I've only seen one recipe for making stock just from chicken feet (hey, I have a big package of them). Would using just chicken feet (and some spices and herbs/veggies) really work or would I end up with a gloopy, gelatinous mess at the end?
http://simplyrecipes.com/recipes/how_...

Alternately, I can use a stewing chicken from the grocer and add *some* feet (how many?!) ... what would you do?

Bonus question: Some of the stock-making recipes I see talk about 6-8 hours of simmering. At that point, wouldn't any meat from a stewing chicken (not talking about the feet) be pretty useless, or is there still any taste left that lets you use it in other things?

The stock will be more for Asian soups than other kinds, so I won't be adding rosemary, etc. More likely a little lemongrass and things like that.


    But now and then I do make a quick stock from just the feet, necks, livers, and gizzards - eating everything but the feet after 20 minutes and letting the feet go for a total of maybe 45 minutes. What you get is a lot of collegen (what you call a "gloopy, gelatinous mess"). I use little water and want the gloop. It a very nice ingredient in a lot of my Asian cooking - as a backdrop to stir-frys in some thicker sauces, and other dishes.

    2 Replies
    1. re: Sam Fujisaka

      Ah, OK, so while I can thin said gloop a little with water for actual soup, I can pretty much add it for chicken flavor and to thicken up whatever else I'm making? That sounds very workable.

      1. re: Cinnamon

        When you heat the gloop, it goes into a nice liquid form. Just full and unctuous. It is also concentrated and can be thinned as you say. Gloop is a really great product.

    2. The feet give extra gloopiness -something I am in favour of as you can always dilute it to the requisite glutinosity. Be aware though that the feet give it a more gamey flavour. That's probably not the right word, but I am trying to convey a distinctive odour and flavour.

      1. Just got two roasting chickens. They came with three sets of of the good stuff. Tomorrow I'm going to make black beans and will simply dice the gizzards and livers, toss in the feet and necks, and add in some of the long bones from my last roasted chickens - along with a diced potato and onion plus seasoning. I'll eventually fish the feet and bones out and discard; and puree a part of the beans to add back. Makes great beans!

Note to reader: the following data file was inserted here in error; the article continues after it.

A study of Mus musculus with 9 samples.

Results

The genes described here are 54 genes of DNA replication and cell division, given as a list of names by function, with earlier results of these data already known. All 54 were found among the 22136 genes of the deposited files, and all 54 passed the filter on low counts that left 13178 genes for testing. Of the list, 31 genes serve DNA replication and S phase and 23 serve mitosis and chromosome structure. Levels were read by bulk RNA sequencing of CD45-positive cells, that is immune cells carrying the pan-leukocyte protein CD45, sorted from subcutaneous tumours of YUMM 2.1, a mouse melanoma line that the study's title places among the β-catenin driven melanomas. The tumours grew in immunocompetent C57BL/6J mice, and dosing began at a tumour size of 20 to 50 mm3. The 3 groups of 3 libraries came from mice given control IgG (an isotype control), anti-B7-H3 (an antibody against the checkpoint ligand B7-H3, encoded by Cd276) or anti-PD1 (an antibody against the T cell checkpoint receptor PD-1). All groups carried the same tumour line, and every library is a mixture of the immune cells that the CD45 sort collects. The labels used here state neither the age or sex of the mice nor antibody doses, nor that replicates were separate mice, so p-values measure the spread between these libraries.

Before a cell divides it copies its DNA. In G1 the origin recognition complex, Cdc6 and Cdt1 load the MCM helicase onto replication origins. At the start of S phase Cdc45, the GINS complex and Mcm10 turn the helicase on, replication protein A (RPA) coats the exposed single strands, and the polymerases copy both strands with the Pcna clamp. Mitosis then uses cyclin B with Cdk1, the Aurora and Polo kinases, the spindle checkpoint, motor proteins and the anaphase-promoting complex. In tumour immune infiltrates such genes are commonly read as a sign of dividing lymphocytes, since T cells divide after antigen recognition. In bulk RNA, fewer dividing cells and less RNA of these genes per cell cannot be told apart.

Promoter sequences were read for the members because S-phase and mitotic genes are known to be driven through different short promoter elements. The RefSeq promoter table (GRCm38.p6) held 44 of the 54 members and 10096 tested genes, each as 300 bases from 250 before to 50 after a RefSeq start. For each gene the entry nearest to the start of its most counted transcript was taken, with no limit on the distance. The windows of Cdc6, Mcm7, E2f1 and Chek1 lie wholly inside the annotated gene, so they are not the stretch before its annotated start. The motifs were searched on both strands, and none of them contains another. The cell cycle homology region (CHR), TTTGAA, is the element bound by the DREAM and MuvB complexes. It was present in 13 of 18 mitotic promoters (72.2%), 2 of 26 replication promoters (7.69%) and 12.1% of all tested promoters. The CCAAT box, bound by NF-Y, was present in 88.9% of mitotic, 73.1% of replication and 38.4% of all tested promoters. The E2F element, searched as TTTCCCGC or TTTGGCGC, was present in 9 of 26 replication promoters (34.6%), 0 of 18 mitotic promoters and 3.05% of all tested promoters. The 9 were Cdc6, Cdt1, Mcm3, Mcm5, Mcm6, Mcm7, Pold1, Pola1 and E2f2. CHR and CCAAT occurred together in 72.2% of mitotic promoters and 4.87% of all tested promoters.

1. Use both -- both the whole chicken and extra feet.

          The chicken provides the stock with flavor and umami, while the feet will add additional texture and that gelatinous-y goodness.

          As to what to do with the leftover chicken meat, you can use it in fajitas, tacos, casserole, or just toss it and make into chicken salad.

          One thing you can do to limit drying out the meat while your stock simmers for the requisite 6-8 hours, is to take out the meat (sort of "de-meating" the chicken) after about 4 hours of simmering. Then let the stock simmer for another 4 hours with just the carcass and the feet.

          1. I usually use a couple of cut up chicken carcasses from roast chickens, and throw in some chicken feet. I usually simmer for about an hour or so only. When I have used a whole chicken for whatever reason, I cut it up so that I have two breasts, and then remove them after 20 minutes or so, remove the meat from the bones, and throw the bones back in. A tip that I love from Julia Child - when you start the stock, just put in the chicken pieces, cover with cold water, add a little salt and barely bring to a boil, skimming off the scum that accumulates. Once the scum doesn't accumulate anymore, then add the aromatics etc. and simmer gently. That way, when you are removing the scum, you aren't removing the aromatics to which sticks as well.

            When I make stock for various purposes, I made a rather plain one (onions, carrots, celery, parsley stems, some peppercorns) and then, when I want to use it for a certain recipe, if called for, I'll simmer the stock with, for example, Asian ingredients for about 30 minutes. I've never put rosemary in as I've read that that can give the stock an odd flavour.